Know the difference between watches and warnings

Watch: Tornadoes are possible in and near the watch area. Review and discuss your emergency plans, and check supplies and your safe room. Be ready to act quickly if a warning is issued or you suspect a tornado is approaching.

Warning: A tornado has been sighted or indicated by weather radar. Tornado warnings indicate imminent danger to life and property. Go immediately underground to a basement, storm cellar or an interior room (closet, hallway or bathroom).

Watch for tornado danger signs

Ominous skies are an indication that a severe weather event is about to occur. Typically, a tornado emerges from a thunderstorm as a rotating funnel and extends to the ground. Watch for dark, green clouds, wall clouds, flying debris, large hail, funnel clouds or visible rotation and a roaring noise.

Stay informed about weather conditions

During any storm, listen to local news or a NOAA Weather Radio to stay informed about tornado watches and warnings. Also, tune into local weather channels or internet weather sites to see the latest radar activity.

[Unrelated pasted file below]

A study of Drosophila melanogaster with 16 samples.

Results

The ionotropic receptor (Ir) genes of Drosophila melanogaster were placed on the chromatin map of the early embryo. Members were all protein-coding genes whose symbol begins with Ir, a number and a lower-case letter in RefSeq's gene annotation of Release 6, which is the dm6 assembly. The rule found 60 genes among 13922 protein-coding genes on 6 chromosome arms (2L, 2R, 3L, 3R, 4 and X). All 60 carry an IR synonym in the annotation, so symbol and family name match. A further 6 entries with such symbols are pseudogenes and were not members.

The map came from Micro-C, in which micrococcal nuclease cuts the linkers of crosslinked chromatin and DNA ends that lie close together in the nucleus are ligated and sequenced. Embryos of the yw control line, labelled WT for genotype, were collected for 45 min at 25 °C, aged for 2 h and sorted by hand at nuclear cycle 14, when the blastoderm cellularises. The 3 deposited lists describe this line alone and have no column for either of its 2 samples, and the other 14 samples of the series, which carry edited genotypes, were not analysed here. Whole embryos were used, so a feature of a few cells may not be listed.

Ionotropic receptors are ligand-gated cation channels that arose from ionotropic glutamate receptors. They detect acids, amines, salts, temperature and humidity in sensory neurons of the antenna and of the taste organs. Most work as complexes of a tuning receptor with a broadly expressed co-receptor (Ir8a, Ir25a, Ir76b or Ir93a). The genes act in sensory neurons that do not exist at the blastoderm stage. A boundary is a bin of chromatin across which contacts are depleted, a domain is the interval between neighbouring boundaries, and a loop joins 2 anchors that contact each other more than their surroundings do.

Know your community’s warning system

Communities have different ways of warning residents about tornadoes, with many having sirens intended for outdoor warning purposes.

Designate a safe area within the community

Pick a safe room or area where residents can go during a tornado. This should be a basement, storm cellar or an interior room on the lowest floor with no windows. Consider having the safe room reinforced. Plans for reinforcing an interior room to provide better protection can be found on the FEMA web site.

Practice, practice, practice tornado drills

Practice periodic tornado drills so that everyone knows what to do if a tornado is approaching. Just like in the event of a fire, residents should be prepared to evacuate their apartments in an orderly fashion.

Prepare the outside of the property for a tornado

Prepare for high winds by removing diseased and damaged limbs from trees. Move or secure lawn furniture, trash cans, hanging plants or anything else that can be picked up by the wind and become a projectile.

Prepare and maintain an emergency survival kit

Make an emergency safety kit and periodically check on it to make sure it’s ready to go in the event of a disaster. The American Red Cross lists a number of essential items in its survival kit, including having a flashlight, battery-powered radio, a first-aid kit, multi-purpose tool, cell phone with charger and non-perishable food and water.

The first step to surviving a tornado is adequately preparing your staff and residents.